Patent Office Moves West

by Emmett Berg

January 2013

IP attorneys in California are anticipating a transcontinental shift in the patent process thanks to the U.S. Patent and Trademark Office's announcement that it will create a satellite facility in Silicon Valley within the next three years.

The PTO has historically been located in the Washington, D.C., area. Inventors have traveled to the capital to seek patent protection since President George Washington was the signatory on applications in 1790 for candle making, flour milling, and a potash and pearl ash recipe.

But the pace of technological innovation today has contributed to a backlog of applications at the PTO, with a potential wait of three to five years or even longer. Lawyers also say there's a sense that patent examiners based on the East Coast often fail to grasp the nuances of the latest Silicon Valley inventions without guidance by inventors and their attorneys.

"I wish we could pay them to go to Disneyland and do nothing, as opposed to issuing any more software patents," grouses Todd Smithline, the principal of Smithline PC. "It would be a much better use of taxpayer money."

A partner with Baker Botts in Palo Alto, Christopher W. Kennerly agrees that "Having the right technological experience has been a problem with the current patent office." But he and others caution that hiring patent examiners from Silicon Valley could be difficult given the local cost of living. And some of the best candidates for the new positions are likely to have extensive ties throughout Silicon Valley, raising the possibility of conflicts of interest, he says.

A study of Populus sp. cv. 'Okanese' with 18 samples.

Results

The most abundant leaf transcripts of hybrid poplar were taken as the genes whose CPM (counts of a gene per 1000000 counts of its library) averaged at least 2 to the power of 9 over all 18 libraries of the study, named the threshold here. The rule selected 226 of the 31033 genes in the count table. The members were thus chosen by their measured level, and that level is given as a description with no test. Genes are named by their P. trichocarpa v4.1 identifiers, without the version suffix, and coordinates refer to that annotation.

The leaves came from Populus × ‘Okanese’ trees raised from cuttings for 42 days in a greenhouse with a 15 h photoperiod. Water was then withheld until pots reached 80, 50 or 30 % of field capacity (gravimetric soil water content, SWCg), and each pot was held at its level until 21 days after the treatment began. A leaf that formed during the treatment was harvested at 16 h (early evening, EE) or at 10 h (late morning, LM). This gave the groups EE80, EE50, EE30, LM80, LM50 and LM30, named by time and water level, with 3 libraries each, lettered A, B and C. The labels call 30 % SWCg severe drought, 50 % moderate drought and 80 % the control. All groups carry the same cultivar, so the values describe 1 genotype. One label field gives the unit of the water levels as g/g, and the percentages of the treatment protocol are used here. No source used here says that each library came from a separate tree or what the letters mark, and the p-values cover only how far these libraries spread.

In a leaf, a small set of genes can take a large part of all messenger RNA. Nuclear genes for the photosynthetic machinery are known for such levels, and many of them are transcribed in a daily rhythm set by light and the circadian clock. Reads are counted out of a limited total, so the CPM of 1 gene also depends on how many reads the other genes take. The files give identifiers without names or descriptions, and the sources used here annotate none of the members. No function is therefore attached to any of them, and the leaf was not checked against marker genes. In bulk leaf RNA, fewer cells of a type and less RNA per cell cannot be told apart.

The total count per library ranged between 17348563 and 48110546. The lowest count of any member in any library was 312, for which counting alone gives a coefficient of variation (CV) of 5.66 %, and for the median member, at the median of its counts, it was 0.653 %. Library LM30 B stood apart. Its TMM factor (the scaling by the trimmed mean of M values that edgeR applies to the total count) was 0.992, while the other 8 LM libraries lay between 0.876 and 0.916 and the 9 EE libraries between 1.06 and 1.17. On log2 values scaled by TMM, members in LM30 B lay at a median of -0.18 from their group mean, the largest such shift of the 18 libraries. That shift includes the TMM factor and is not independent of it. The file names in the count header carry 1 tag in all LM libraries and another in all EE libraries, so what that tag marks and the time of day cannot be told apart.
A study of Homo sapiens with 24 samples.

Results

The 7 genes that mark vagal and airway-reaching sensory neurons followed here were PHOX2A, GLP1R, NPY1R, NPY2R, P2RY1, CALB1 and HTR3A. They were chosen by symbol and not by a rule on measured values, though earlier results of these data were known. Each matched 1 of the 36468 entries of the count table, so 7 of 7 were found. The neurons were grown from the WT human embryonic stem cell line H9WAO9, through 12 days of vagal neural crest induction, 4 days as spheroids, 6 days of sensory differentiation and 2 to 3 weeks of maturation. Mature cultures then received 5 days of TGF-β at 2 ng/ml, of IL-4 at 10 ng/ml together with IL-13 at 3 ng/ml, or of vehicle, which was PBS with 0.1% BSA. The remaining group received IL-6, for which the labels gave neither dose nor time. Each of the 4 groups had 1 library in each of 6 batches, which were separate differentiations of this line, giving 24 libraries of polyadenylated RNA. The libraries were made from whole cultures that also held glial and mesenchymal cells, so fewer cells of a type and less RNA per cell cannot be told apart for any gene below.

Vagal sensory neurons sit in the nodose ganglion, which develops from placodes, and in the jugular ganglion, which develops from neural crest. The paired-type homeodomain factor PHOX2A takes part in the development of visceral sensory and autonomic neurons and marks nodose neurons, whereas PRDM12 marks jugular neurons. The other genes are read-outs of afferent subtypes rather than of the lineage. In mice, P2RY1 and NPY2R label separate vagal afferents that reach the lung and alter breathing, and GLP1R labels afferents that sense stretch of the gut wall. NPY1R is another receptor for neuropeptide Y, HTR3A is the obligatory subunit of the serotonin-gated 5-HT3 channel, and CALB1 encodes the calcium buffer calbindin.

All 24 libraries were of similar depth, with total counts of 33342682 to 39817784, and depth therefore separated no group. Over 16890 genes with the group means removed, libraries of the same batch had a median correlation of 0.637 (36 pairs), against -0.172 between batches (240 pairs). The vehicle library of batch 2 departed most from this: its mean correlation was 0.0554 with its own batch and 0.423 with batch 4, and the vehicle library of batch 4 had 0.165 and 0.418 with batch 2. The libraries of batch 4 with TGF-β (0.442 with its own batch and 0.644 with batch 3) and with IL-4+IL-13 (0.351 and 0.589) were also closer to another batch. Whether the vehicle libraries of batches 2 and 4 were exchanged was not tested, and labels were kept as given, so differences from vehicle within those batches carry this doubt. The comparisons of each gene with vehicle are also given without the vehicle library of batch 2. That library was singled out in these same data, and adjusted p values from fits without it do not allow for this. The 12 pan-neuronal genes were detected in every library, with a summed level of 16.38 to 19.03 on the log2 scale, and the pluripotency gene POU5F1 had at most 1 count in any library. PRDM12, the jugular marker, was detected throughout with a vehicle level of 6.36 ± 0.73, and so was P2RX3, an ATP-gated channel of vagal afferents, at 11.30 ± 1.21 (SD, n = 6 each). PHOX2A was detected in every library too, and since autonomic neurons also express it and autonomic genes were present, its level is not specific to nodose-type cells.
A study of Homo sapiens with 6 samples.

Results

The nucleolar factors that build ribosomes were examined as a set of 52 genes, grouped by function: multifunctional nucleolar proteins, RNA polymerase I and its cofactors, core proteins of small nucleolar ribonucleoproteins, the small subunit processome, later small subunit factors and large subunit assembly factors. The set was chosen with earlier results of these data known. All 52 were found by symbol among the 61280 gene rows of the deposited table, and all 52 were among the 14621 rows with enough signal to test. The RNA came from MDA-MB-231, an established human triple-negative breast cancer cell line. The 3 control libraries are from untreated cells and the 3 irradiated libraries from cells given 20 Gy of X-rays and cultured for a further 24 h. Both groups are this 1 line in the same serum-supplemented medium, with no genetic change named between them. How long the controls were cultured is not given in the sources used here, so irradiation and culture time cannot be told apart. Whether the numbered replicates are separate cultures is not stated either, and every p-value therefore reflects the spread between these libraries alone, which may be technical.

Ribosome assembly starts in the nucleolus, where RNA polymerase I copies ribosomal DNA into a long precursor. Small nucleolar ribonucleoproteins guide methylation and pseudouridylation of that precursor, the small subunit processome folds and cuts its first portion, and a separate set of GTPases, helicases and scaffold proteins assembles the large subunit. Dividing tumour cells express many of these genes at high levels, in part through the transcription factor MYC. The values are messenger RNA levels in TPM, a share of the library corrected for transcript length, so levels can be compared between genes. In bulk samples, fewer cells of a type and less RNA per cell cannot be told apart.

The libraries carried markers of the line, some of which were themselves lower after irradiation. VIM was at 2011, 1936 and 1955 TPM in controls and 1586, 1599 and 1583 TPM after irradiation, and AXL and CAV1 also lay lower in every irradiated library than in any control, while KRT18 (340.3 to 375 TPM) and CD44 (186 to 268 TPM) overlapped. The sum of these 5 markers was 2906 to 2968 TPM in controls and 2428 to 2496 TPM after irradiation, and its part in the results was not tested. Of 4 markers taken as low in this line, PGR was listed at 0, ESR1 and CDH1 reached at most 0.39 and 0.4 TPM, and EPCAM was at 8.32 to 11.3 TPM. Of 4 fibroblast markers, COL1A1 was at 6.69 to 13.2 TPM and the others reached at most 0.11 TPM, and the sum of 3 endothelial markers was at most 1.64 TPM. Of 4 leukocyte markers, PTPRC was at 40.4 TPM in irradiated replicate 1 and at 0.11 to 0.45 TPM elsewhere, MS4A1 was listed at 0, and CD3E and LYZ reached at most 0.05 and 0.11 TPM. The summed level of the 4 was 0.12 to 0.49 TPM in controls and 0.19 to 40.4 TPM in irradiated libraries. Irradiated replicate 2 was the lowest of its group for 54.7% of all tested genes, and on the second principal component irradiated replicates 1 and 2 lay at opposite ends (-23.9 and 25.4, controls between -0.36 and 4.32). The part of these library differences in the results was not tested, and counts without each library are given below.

According to a PTO spokesman who insisted on anonymity, patent examiners presently "may" be asked to file a confidential financial disclosure report to "avoid real or apparent conflict of interest." "I know financial disclosure was discussed" as part of planning for Silicon Valley and the three other new regional PTO locations in Dallas, Denver, and Detroit, the spokesman said.

The move away from D.C. amounts to "a big step," according to patent attorney Steve R. Bachmann, of counsel with Lewis and Roca in Mountain View. "It'll be much easier for the inventors to get face-to-face with examiners to get them up to speed. Count me as one who sees a glimmer of hope."